Florida Court Explains Imputed Income in Child Support Matters

Income is one of the numerous factors the Florida courts consider when determining obligations and rights with regard to child support. Unfortunately, parties will sometimes attempt to inappropriately alter support obligations by refusing to obtain gainful employment. In such instances, pursuant to the Florida child support guidelines, the courts can impute income to them. This was demonstrated in a recent Florida child support case in which the court found that the trial court erred in failing to consider the wife’s earning potential based on her recent employment. If you have questions about child support, it is prudent to meet with a Miami child support lawyer as soon as possible.

History of the Case

It is alleged that the parties married in Michigan and had two minor children. They each filed petitions for dissolution in 2019; the husband in Michigan and the wife in Florida. They were divorced in Florida, and the court merged and incorporated their confidential settlement agreement into the final judgment of the divorce. While the agreement contained provisions regarding child support, the court crossed out those sections, and they were not part of the final judgment.

Reportedly, the parties then determined that Florida was the proper jurisdiction for child support and child custody issues between the parties. The wife then filed a motion to establish temporary child support. The husband moved to dismiss the motion in light of the settlement agreement. The court issued an order directing the husband to pay almost $3,000 per month in support. It also imputed income to the wife at the level of minimum wage. The husband appealed on numerous grounds.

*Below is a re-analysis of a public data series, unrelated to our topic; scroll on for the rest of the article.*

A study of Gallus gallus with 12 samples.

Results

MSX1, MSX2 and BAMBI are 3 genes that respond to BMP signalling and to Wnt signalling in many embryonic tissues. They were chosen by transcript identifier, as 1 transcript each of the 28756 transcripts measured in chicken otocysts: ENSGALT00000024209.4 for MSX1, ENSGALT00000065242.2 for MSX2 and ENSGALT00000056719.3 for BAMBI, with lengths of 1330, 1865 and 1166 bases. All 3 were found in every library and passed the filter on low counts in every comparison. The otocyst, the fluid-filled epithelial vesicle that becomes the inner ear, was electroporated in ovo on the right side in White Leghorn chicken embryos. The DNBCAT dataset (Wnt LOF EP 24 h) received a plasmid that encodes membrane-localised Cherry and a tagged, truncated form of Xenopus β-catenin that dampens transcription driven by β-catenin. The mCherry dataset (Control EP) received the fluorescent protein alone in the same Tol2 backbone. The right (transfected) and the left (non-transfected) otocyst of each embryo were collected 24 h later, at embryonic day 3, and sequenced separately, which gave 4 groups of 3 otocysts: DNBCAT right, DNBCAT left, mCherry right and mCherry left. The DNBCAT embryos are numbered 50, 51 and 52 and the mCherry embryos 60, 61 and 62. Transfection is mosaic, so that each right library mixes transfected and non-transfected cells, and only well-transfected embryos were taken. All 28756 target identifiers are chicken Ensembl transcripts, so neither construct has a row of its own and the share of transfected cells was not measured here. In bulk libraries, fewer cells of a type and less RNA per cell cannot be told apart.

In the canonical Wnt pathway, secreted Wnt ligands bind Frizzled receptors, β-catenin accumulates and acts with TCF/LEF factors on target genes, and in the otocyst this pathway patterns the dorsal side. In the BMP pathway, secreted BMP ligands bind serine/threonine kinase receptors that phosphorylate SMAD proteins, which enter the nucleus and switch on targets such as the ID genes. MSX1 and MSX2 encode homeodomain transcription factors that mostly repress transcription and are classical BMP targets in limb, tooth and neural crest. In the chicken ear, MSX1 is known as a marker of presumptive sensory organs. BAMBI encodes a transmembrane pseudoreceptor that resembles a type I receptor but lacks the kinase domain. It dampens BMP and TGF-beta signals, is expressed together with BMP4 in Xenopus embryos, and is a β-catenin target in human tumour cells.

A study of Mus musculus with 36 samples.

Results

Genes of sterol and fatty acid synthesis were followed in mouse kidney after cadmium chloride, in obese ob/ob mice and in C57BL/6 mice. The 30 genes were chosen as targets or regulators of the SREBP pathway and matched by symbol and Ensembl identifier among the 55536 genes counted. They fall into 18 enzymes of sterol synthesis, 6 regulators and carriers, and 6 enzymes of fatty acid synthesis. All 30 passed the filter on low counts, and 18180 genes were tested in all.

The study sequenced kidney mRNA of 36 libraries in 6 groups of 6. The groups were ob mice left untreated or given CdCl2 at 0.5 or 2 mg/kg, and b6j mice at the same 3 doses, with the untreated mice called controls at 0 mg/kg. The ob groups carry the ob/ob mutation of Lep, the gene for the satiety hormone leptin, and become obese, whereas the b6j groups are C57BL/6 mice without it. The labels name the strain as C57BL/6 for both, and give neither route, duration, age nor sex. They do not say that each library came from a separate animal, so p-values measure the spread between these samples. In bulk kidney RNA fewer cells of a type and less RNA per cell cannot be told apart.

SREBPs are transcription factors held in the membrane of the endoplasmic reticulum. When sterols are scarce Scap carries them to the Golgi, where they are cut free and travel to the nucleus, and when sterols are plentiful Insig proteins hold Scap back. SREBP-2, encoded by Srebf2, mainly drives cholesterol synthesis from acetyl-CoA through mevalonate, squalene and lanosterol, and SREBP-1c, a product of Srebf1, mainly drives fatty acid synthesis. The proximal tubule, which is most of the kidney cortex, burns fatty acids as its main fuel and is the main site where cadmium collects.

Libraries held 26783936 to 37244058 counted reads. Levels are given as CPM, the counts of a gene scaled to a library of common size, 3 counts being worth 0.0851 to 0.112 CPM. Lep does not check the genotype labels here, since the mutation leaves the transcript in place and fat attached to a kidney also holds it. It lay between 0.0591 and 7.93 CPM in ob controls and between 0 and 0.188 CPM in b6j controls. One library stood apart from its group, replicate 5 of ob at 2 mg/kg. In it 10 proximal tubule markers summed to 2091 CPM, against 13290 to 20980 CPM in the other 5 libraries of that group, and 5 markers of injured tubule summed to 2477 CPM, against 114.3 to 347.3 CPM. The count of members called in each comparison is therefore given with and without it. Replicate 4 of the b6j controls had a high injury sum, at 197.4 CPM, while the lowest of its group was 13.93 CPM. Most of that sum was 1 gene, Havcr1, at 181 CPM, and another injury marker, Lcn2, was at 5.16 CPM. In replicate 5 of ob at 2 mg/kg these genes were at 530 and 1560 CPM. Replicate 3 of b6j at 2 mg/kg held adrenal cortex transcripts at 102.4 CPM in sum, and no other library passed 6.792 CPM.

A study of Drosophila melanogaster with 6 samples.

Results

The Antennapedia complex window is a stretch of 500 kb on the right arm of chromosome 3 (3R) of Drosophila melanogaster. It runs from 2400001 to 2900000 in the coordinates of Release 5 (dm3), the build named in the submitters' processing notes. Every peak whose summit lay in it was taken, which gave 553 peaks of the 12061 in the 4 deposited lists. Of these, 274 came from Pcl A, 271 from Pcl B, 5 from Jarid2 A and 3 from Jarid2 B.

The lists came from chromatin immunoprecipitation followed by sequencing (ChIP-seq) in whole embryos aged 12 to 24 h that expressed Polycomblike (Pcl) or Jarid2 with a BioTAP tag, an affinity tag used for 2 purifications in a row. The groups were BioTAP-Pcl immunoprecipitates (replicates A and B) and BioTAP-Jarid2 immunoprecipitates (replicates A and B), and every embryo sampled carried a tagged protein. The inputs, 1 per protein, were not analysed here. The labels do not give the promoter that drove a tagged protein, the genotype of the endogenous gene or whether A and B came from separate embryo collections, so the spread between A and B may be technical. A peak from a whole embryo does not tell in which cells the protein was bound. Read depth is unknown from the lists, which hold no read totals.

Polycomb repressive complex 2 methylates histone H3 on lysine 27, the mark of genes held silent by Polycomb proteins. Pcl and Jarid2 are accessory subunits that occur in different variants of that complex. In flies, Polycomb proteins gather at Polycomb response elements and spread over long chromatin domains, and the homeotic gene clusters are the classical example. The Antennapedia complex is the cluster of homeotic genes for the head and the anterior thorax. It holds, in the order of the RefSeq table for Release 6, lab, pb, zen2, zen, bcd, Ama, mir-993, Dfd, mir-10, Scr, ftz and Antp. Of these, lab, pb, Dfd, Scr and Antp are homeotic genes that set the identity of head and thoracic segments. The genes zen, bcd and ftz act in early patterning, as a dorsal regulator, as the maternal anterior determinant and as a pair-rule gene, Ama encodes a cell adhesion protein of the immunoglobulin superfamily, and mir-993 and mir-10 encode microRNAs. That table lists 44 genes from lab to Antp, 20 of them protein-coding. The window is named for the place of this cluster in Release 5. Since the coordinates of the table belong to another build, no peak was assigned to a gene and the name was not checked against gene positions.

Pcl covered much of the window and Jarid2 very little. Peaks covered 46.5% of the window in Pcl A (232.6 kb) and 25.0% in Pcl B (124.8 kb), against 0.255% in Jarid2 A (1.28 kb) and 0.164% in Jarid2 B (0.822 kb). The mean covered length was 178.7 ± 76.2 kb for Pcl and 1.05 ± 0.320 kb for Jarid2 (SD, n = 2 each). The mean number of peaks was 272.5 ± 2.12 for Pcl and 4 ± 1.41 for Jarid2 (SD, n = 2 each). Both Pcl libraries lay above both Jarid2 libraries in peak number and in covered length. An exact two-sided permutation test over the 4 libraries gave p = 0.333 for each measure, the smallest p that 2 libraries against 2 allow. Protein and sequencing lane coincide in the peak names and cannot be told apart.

Imputed Income in Florida Child Support Matters

One of the issues presented on appeal was whether the trial court erred in imputing a minimum wage income to the wife. The court ultimately found that it did and reversed the trial court’s judgment as to that issue. Specifically, the court explained that the Florida child support guidelines state that if a parent is voluntarily unemployed or underemployed, monthly income should be imputed to them, absent circumstances beyond their control, like mental or physical incapacity.

In such instances, the parent’s probable and potential earnings should be calculated based on their recent work history, qualifications, and the prevailing wage in the community. In the subject case, evidence was presented that the wife earned approximately $2,000 per month before she voluntarily stopped working. Thus, the trial court erred in calculating her imputed income at the minimum wage.

Confer with an Experienced Miami Attorney

The Florida courts base child support obligations, in part, the parties’ earnings, but if a party voluntarily ceases working, the courts can consider their potential income. If you are dealing with a child support dispute, it is advisable to talk to an attorney about your rights. The experienced Miami lawyers of the Law Offices of Sandy T. Fox, P.A. have ample experience managing child support matters in the Florida courts, and if we represent you,  we will advocate aggressively on your behalf. We have an office in Aventura, and we regularly represent people in child support cases in Miami. You can contact us through our online form or at 800-596-0579 to set up a meeting.